At Seventy, the Volkswagen Transporter, also known as Danfo, is the longest-surviving commercial vehicle.
Originally designed in 1947 to carry around car parts in Volkswagen factory in Berlin, the very first Transporter van rolled off the Wolfsburg production line on March 8, 1950.
Now in its sixth generation, the Volkswagen Transporter line of vans is one of few cars that have stood out the test of time.
Since its unveiling 70 years ago, over 13 million units of the iconic van, from the split-screen T1 to the refined and efficient T6, have been sold worldwide.
Through the years, the iconic Volkswagen Transporter has been known as the Bulli, Kombi, Danfo, Vanagon, VW bus, or microbus.
Let’s take a little trip down the memory lane to see how the VW Transporter has changed throughout its 70 years of existence.
T1 – Type 2 (1950–1967)
The Volkswagen Type 2 (T1) was the first generation of Volkswagen’s Transporter family. The Type 2 was initially derived from the iconic Volkswagen Type 1, also known as as the Volkswagen Beetle.
T2 – Type 2 (1967–1979)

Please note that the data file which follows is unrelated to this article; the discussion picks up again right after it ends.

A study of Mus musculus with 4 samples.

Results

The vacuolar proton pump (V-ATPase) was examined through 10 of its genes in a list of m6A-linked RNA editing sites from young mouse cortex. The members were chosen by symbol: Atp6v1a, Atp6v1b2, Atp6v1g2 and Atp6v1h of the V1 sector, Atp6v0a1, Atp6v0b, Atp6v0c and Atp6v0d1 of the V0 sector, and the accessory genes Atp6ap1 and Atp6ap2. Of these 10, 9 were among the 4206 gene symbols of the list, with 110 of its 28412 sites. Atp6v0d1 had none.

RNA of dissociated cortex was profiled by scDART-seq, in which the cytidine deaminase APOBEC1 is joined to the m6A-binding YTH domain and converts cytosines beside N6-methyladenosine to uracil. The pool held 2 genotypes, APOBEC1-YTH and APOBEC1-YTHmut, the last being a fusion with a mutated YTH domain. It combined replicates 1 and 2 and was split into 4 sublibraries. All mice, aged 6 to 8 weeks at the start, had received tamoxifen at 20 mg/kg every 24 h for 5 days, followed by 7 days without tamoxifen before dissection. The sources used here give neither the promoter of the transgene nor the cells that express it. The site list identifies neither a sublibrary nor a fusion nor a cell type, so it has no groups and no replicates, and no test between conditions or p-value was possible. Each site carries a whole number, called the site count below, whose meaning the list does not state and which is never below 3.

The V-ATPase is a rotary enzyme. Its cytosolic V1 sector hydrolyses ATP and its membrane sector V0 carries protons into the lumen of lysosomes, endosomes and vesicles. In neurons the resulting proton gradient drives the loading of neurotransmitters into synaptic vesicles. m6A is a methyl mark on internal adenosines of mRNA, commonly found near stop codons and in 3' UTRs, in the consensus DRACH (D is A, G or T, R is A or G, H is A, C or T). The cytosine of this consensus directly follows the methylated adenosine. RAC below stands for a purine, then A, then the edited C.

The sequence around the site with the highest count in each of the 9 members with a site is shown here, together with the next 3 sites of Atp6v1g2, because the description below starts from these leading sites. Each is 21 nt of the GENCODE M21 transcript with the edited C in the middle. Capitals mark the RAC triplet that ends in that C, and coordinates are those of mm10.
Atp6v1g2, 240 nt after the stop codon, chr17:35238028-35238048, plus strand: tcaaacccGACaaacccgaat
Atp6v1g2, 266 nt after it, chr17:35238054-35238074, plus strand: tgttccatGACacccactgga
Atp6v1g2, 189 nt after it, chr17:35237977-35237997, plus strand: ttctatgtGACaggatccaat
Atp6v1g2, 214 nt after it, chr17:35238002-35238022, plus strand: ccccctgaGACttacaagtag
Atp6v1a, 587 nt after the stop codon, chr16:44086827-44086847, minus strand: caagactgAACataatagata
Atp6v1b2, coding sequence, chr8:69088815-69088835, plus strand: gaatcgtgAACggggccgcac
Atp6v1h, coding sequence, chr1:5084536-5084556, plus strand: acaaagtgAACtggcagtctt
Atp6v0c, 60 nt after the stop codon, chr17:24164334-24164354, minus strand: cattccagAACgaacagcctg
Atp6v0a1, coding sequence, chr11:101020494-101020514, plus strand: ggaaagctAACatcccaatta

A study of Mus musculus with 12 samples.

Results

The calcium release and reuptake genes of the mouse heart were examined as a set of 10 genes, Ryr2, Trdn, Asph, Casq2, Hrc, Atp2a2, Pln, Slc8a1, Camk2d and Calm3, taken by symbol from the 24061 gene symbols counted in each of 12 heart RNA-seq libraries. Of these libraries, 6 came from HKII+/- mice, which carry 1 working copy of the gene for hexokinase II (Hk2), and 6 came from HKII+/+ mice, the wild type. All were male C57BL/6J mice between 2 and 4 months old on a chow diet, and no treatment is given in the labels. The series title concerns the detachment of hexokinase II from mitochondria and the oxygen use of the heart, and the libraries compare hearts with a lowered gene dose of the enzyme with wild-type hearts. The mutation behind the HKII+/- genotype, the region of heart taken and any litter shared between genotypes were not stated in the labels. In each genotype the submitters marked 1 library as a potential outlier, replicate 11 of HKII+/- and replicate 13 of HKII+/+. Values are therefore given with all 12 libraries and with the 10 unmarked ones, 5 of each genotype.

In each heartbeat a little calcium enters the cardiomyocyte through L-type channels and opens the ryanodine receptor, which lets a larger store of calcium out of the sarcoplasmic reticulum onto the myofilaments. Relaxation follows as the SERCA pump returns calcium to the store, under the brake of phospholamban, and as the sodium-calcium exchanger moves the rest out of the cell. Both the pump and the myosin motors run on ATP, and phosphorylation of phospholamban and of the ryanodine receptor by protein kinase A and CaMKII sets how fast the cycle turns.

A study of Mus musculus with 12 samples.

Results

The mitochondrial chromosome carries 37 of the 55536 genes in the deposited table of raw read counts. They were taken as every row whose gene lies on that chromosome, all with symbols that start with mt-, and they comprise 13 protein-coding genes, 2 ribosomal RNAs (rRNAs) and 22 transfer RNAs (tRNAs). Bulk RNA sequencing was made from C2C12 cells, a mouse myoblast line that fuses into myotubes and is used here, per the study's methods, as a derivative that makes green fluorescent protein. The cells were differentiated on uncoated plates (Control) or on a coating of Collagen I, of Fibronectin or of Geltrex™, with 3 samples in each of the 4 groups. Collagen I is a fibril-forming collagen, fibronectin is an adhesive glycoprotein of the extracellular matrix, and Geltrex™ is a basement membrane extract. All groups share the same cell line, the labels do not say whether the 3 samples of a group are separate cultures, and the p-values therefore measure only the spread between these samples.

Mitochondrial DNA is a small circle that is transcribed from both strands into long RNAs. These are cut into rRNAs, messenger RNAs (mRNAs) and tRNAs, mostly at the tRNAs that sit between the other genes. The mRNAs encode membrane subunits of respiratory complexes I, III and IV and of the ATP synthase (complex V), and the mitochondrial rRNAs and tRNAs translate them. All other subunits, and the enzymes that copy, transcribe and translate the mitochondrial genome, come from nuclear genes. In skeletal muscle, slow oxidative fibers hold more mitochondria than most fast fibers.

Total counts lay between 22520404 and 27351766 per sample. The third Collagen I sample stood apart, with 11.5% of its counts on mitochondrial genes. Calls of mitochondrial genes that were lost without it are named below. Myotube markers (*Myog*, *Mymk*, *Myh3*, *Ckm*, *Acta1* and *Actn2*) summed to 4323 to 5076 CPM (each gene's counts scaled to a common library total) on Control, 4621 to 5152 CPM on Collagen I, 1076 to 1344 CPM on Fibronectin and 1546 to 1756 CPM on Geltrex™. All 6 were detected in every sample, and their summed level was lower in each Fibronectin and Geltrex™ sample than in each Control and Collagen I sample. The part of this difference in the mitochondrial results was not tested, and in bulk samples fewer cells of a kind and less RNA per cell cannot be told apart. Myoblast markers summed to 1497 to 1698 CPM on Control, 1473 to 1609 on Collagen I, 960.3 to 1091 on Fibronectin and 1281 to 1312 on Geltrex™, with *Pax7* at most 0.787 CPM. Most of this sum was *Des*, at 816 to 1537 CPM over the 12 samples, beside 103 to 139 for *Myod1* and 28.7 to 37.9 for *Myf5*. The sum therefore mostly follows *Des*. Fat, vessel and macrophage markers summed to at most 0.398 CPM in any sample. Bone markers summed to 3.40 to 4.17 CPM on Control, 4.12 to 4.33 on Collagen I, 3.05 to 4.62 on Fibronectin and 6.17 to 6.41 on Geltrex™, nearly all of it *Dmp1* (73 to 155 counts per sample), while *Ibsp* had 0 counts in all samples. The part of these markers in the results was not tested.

The second generation of the Volkswagen T2 was sold from 1967 through 1979 model years. This particular model, also known as the Kombi, was a popular model in the Nigerian transport sector before it was replaced by the T3.
T3 – Type 2 (1979–1992)
The Volkswagen (Type 2) T3 Transporter, also known as the VW Vanagon, was introduced in 1979. The air-cooled, rear-engine bus is locally known as Danfo Bus.
T4 – Transporter (1990–2003)
The T4 is officially the first Volkswagen Transporter van to use a front-mounted, front-wheel drive, water-cooled engine. The T4 was marketed in North America as the Volkswagen Eurovan.
T5-T6 – Transporter (2003–present)
The Volkswagen Transporter (T5) is the fifth generation and current variant of the Volkswagen T platform. The T5 is not in the United States or Canada.
In 2016, German automaker Volkswagen released the latest version of the Transporter, the T6.